Instructor: Mary Michail, MA, LPC, NCC
Required Text: Lauren Littauer Briggs The Art of Helping: What to say and do when someone is hurting. (ISBN-10: 061547568X, ISBN-13: 978-0615475684)
Students who wish to join this course can only be qualified after successful completion of Introduction to Practicum class.
This course focuses on three important areas: self-awareness, counseling skills and techniques, and motivational interviewing.
Practicum I is a journey through which the student is helped to better understand him-/herself and to deepen his/her self-awareness and self-knowledge, to be more empathetic and non-judgmental towards others, which are essential skills for an effective counseling relationship.
It provides actual counseling practice and supervision through introductory, on-site lectures. These lectures focus on basic counseling skills, providing hands-on knowledge and opportunities for each student to observe and actively practice these skills through role-playing and structured exercises. Through constructive feedback, students will attain an appropriate level of professionalism as a lay counselor.
Lectures are followed by weekly webinars, which provide online group and one-to-one interaction with the instructor, in which we discuss actual cases or vignettes, written verbatim, and reading assignments, to encourage, monitor, and teach clinical experiences.
Finally, students will be introduced to the basic principles of Motivational Interviewing as an essential tool in motivating people to improve.
- Improve students’ self-awareness.
- Improve students’ clinical skills by applying their basic learned knowledge of different counseling techniques and skills.
- Help students integrate spirituality as an asset in the counseling process.
- Teach students how to spot (identify) and differentiate feelings in a clinical setting.
- Teach students how to detect manifestations of problems or erratic behaviors.
- Teach students how to use motivational skills from the first session with the client to promote change in people’s lives.
Course Requirements and Grading
- Student must attend six on-site interactive lectures with the instructor.
- Each student must complete eight weekly webinar meetings, which provide online interactions with other students and with the instructor. It is the student’s responsibility to attend the webinars on time according to the schedule, which will be given during the on-site meeting.
- The student must complete the assigned homework, which may include but is not limited to, writing verbatim for each counseling session or vignette and answering required questions, before each webinar, to be emailed to the instructor in a timely manner.
- Student must keep a copy of his/her work and send a copy to the instructor via email in a timely manner. It is the student’s responsibility to meet all legal and ethical requirements in regards to confidentiality, consent for release of information, and record keeping. Other forms of electronic supervision may also apply, based upon individual agreement with the Instructor. A written verbatim should be concluded by the student’s clinical perception of whatever the counseled individual might need to proceed with the case in terms of specific referrals, therapies, follow-ups or else. This requirement represents 60% of the final grade.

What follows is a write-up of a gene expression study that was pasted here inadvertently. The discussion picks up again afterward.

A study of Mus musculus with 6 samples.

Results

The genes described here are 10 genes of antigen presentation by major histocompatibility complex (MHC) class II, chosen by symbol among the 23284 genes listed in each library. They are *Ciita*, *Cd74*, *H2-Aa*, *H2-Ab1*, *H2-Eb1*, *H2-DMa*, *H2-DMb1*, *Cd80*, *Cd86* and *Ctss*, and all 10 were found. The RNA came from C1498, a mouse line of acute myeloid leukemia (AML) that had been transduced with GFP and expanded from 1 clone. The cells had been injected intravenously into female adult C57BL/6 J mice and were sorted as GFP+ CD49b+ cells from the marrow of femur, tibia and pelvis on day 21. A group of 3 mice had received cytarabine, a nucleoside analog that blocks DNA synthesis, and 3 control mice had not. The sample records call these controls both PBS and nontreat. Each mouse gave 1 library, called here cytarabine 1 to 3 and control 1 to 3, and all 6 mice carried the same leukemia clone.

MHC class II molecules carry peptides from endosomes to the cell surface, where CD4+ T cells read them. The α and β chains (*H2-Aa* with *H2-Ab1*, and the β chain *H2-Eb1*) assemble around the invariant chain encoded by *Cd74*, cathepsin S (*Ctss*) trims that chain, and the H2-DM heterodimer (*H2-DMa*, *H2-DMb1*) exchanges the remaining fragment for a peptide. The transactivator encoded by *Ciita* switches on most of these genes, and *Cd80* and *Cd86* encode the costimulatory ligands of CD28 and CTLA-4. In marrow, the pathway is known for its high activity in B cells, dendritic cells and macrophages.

- Before the end of the course, each student must write and submit a 2 – 3-page self-reflection paper to outline the student’s counseling experience and what has been learned from those clinical interactions. Student must abide by the due date given by the instructor during the on-site lectures. This requirement represents 20% of the final grade.
- Before the end of the course, students must write and submit a 2-3-page critique paper about the assigned book. Student must abide to the due date. This requirement represents 20% of the final grade.
Case/Book Presentation Guidelines and Format
All recorded material must be safely and completely destroyed at the end of the course, even when a student may have to repeat the same course.
Students may have more than one session with the same individual. Nonetheless, it is better to practice counseling with individuals from different backgrounds and with different issues.
All written work must be typed to a near-thesis standard as defined below:
- One-inch margins on top, bottom and sides
- Indent first line of paragraphs by half an inch
- Underline section headings
- Include page numbers
- Written material must reflect at least a near-Master’s Level use of the English Language in terms of spelling, vocabulary, and grammar.
Any written verbatim should reflect the following:
- Student’s name
- Setting (Church, Home, etc.)
- Client’s Name (select an assumed name, not the real name)
- Session Number (out of a total of eight sessions)
- Presenting Concerns (concerns presented by client)
- Actual verbatim of all interactions with client during the session or vignettes
- Anticipated Outcomes of Counseling (how the student believes the client will or will not respond to interventions, treatments, or referrals)
- Recommendations for further steps
- Evaluation of whether the session has achieved any goals for the client or not
- Thoughts about specific areas in which the student needs improvement (e.g., counseling skills, techniques, etc.)